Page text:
A well-governed society is a resilient society.

Since Russia illegally annexed Crimea in 2014, there has been a lot of discussion in Western policy circles on how to deal with Moscow’s hybrid warfare tactics. There is also a debate on how to define hybrid warfare.

Perhaps the best definition is offered by the new European Centre of Excellence for Countering Hybrid Threats in Helsinki: “coordinated and synchronized action, that deliberately targets democratic states’ and institutions systemic vulnerabilities, through a wide range of means (political, economic, military, civil, and information),” as well as “activities exploit the thresholds of detection and attribution as well as the border between war and peace.”

The aim, the Centre continues, is to “influence different forms of decision-making at the local (regional), state, or institutional level to favor and/or gain the agent’s strategic goals while undermining and/or hurting the target.”

I recently attended a tabletop exercise at the Atlantic Council that was based on a hybrid warfare scenario in Lithuania: cyber-attacks, civil unrest, Russian biker gangs — the usual stuff.

After this exercise, one lesson really stood out: hybrid warfare is something that has to be prevented or deterred. It cannot be easily defeated. Once the social, political, and economic conditions exist to allow hybrid tactics to be effective, it is probably too late to stop it. 

So hybrid wars have to be won before they’re even fought. To do this, countries with Russian minorities (or any minority group that is at risk of being marginalized in society) in central and eastern Europe need to create the conditions that deny Russia the effective use its hybrid tactics. 

There are three main ways to do this. 

First, establish good governance on the local and national level. If people feel like they are governed fairly and governed well, then they become less susceptible to Russian disinformation and propaganda efforts. Where there is endemic corruption, a lack of strong local government, and the disconnection of central government to legitimate political grievances on the local level, the stage is set for Russian meddling.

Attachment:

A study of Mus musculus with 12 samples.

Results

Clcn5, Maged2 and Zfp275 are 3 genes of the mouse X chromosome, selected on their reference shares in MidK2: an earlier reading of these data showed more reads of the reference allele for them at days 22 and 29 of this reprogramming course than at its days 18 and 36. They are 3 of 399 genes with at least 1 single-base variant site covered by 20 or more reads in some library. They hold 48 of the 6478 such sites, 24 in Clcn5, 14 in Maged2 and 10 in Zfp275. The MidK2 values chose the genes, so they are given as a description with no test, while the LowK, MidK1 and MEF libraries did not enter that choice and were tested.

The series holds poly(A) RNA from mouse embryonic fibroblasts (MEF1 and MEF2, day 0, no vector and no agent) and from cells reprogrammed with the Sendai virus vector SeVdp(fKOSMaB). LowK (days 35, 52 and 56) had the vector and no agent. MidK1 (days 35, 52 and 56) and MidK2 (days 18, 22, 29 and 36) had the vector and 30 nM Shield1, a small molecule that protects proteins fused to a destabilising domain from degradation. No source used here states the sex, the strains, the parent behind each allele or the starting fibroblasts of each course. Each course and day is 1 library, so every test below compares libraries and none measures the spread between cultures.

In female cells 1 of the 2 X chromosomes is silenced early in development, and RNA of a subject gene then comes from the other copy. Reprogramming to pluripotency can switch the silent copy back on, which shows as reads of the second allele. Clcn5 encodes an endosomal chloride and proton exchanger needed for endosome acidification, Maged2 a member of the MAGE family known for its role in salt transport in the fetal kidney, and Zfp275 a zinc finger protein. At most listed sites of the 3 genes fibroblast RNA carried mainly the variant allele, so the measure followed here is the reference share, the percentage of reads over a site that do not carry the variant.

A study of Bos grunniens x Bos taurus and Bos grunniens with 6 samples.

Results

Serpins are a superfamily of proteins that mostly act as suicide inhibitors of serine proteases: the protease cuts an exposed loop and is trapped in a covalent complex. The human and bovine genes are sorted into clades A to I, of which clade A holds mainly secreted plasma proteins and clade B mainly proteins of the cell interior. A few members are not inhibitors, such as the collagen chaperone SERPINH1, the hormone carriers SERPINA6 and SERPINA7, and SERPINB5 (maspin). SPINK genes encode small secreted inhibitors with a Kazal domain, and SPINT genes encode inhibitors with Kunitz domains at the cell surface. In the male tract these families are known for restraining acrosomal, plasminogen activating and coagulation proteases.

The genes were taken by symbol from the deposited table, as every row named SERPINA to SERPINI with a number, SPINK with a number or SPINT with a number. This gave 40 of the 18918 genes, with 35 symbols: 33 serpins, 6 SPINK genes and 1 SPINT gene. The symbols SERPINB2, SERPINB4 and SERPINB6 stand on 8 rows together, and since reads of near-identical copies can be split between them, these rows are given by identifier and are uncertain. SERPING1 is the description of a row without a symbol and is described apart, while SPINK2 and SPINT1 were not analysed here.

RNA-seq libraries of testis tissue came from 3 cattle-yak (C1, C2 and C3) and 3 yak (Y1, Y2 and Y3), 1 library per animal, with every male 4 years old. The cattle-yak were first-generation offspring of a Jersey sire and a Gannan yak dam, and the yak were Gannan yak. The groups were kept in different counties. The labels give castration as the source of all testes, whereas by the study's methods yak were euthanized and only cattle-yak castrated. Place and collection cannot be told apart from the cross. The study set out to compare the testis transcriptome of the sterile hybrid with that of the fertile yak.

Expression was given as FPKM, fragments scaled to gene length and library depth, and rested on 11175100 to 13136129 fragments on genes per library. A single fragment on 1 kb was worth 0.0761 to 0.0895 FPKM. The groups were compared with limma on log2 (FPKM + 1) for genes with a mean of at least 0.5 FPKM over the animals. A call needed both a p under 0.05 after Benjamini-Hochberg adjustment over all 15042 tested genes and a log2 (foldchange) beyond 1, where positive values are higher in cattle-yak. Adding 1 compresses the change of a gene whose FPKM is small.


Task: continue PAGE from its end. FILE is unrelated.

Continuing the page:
Secondly, there must be economic freedom. People need to feel like they have economic stability and that their children have a bright economic future. Pursuing pro-growth policies that help grow economic prosperity is an important part of countering hybrid tactics. People who feel as if they have economic opportunities are less susceptible to Russian meddling.

Finally, there must be a bond of trust and respect between the average person and law enforcement and the intelligence services. If people believe they are policed fairly and that intelligence services are not overstepping their bounds, then society will become more resilient against Russian hybrid tactics. 

In addition, law enforcement is often the first line of defense in a hybrid war scenario. A very capable and professional law enforcement and intelligence service can mitigate the effectiveness of agents provocateurs acting on behalf of Moscow. 

While these three measures are easier said than done, if they are genuinely pursued by national and local governments, they can deter Russian hybrid tactics, or at least reduce the effectiveness of such tactics.

An example of a place that has done a great job at building resilience to Russia’s hybrid warfare is Estonia. Even though the Russian minority makes up roughly one-quarter of the population, Moscow hasn’t been able to cause the same problems using its hybrid tactics as it has in other places. 

It is clear why the Russian population in Estonia is not susceptible to Moscow’s hybrid tactics of “little green men” and propaganda. Polling shows that a vast majority have a lot of trust in their governing institutions.

For example, according to a public opinion survey conducted by the Estonian Ministry of Defense earlier this year, 66 percent of Estonians have confidence in the country’s president and 56 percent in the prime minister. According to the same survey, 87 percent of Estonians said they have confidence in the police. Perhaps not surprisingly, The Heritage Foundation’s 2018 Index of Economic Freedom ranked Estonia seventh in the world in terms of economic freedom.

The trust in government and police, combined with Estonia’s economic opportunities, deny Russia the ability to use hybrid tactics. Estonia has been able to win the hybrid war even before it starts.

Compare Estonia’s situation today to that of Ukraine’s in 2013 and 2014. Due to a dismal economic situation, and years of political and economic corruption at the top of government, Russia was able to exploit the situation in Ukraine. As soon as the “little green men” appeared in Crimea, it was too late. 

One does not have to look too far from home to see how Russia has employed effective hybrid tactics. The 2016 Presidential election is a great example. Certain sectors of American society are ripe for Russia’s meddling. Certain minority groups feel mistreated by the police. Some on the political right feel a massive distrust of the FBI. There also exists a strong cynicism of the federal government in some sectors of American society.

Whether any of this is true does not matter. It is the perception that counts. Russia has and continues to take advantage of this. 

Ultimately, good governance, economic freedom, and trusted law enforcement and security services are the best bet to stop a hybrid war before it even starts.

So while policymakers should look towards NATO to provide a robust conventional and nuclear deterrence for members of the Alliance, only the national capitals can establish the political and economic conditions that can prevent Russia from using hybrid tactics effective. 

Now is the time to get their houses in order before it is too late.